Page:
Under an accord struck with Greece, the Balkan state would rename itself North Macedonia in exchange for Athens' promise to stop blocking its entry into NATO and the European UnionUnder an accord struck with Greece, the Balkan state would rename itself North Macedonia in exchange for Athens' promise to stop blocking its entry into NATO and the European Union (AFP Photo/Armend NIMANI)
Skopje (AFP) - Macedonia's parliament finished its first day of a debate on Monday without reaching a decision on whether to approve a deal to change the country's name, pushing talks aimed at settling a long-running row with Greece into a second day.
Prime Minister Zoran Zaev faces an uphill battle to secure the necessary two-thirds majority to rename the country North Macedonia, a move aimed at opening a path to NATO and EU membership.
He needs to flip around 10 MPs in the 120-member assembly to overpower the right-wing VMRO-DPMNE party, who staunchly opposes the name change.
After hours of discussion on Monday, the session was set to resume Tuesday at 900 GMT. The debate could last up to 10 days.
If an eventual vote fails, Zaev has said he will call snap elections in a bid to grow his coalition's clout in parliament.
The proposed name change is an effort to end a 27-year stalemate with Greece, which has blocked Macedonia from joining both NATO and the EU because it claims exclusive rights to the name for its northern province.
Athens has promised to lift its veto if the deal is finalised.
But Zaev's task was made tougher by low turnout -- less than 40 percent -- in a referendum on the name change on September 30.
While more than 90 percent of those who voted approved the new name, the lack of enthusiasm has fuelled efforts by opposition MPs to derail the deal in parliament, where it must be ratified.
- Failure 'leaves us in isolation' -
"I think that EU and NATO membership is one of the rare things that unites us," Zaev said in a plea to parliament on Monday.
To reject the deal would "leave us in isolation and with an uncertain future," he added.
The prime minister also called for reconciliation with the opposition and offered "forgiveness" for violence that rocked parliament in April 2017, when a nationalist mob stormed the assembly and injured scores, including Zaev.
Several VMRO-DPMNE politicians and other officials from their former government are on trial over the bloody attack.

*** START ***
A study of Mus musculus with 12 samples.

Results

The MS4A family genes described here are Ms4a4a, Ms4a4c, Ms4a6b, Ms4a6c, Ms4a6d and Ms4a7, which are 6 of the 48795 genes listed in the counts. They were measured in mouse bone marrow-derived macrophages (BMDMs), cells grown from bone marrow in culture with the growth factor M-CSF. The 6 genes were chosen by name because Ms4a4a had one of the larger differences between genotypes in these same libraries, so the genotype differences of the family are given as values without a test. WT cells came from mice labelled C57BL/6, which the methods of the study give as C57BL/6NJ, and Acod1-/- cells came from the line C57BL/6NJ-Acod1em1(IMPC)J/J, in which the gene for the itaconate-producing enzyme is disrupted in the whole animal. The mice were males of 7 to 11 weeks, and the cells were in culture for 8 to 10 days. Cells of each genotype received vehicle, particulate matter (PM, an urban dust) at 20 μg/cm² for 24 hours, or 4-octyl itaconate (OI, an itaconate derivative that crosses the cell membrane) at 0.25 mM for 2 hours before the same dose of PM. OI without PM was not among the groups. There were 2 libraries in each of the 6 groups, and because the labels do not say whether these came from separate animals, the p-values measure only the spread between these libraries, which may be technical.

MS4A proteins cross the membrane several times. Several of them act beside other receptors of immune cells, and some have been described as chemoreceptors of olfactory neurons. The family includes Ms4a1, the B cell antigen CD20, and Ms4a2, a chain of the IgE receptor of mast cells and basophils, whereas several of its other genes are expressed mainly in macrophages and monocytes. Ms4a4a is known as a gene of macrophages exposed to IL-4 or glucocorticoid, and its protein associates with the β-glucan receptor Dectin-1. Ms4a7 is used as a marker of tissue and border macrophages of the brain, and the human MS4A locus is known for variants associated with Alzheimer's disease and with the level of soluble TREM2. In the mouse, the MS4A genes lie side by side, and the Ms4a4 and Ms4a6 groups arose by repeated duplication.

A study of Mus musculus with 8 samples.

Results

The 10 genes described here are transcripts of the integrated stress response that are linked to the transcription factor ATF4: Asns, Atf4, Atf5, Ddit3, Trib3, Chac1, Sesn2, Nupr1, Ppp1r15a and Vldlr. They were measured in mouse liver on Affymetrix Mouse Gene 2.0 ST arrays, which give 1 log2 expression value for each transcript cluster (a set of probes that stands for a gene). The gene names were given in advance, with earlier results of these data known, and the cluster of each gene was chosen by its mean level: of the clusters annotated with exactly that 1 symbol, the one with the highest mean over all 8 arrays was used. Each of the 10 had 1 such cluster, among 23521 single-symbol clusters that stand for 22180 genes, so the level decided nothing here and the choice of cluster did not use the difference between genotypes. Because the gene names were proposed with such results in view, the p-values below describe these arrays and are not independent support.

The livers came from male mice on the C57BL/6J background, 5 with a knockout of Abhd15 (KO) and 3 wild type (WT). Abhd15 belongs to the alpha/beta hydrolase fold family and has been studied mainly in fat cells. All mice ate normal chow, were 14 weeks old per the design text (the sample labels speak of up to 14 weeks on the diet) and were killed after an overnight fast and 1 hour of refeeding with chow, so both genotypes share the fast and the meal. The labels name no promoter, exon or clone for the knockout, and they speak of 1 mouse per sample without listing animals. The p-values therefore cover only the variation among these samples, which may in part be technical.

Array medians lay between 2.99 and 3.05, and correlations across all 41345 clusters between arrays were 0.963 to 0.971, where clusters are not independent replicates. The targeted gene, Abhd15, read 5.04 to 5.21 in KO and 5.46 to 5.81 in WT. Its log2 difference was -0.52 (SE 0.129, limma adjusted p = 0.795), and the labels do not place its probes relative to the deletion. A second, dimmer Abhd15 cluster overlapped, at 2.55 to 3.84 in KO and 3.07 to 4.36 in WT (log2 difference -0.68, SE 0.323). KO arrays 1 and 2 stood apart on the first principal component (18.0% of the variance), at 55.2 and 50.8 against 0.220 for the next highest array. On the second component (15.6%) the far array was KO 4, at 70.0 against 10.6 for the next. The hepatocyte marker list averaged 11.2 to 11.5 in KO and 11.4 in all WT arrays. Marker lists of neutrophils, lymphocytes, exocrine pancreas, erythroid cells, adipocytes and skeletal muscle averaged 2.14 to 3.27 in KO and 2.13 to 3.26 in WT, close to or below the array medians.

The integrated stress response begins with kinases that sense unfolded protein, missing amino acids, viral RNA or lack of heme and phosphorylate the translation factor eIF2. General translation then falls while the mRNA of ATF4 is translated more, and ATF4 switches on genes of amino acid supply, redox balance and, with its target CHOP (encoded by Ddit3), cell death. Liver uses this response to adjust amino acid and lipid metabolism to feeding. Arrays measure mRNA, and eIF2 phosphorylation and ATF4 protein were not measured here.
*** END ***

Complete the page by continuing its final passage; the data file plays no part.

Zaev hoped strong backing from the public in last month's referendum would help bring the opposition on board.
He claimed a victory from the poll on the grounds that there was an overwhelming "yes" majority, and that the referendum was only "consultative" in legal terms.
But the opposition, which had urged a boycott of the vote, says the result was invalid because the turnout was below 50 percent.
On Monday MPs from all sides took the podium to debate the proposed amendment changes that would incorporate the new name into the constitution.
"The parliament has no legitimacy to go forward with this procedure," said Ilija Dimovski, an opposition MP with VMRO-DPMNE, repeating his party's claim that the referendum was not successful.
- Pressure on -
Greece has protested the name Macedonia ever since the former Yugoslav republic declared independence in 1991.
Athens says the name implies territorial claims on its own province of Macedonia across the border.
A breakthrough came in June when Zaev and his Greek counterpart Alexis Tsipras agreed on the compromise North Macedonia.
Pressure is mounting to wrap up the deal soon so that it can go before Greek parliament before elections there next year.
A change in power in Athens could quash political appetite for the agreement, where a rightwing opposition is also fiercely against the accord.
Florian Bieber, a professor of Southeast European studies at the University of Graz in Austria, said Macedonia's failure to pass the deal "would certainly put the country and the government in a difficult position, as the responsibility would lie with it, and not with Greece".
European and US leaders have pitched the name-change as a historic opportunity for Macedonia to tie its future to the West.
"There is no plan B to join NATO without a name agreement," the military alliance's chief Jens Stoltenberg said earlier this month.
"The only way to become a member of NATO is for the country to agree on the name issue with Greece," he said.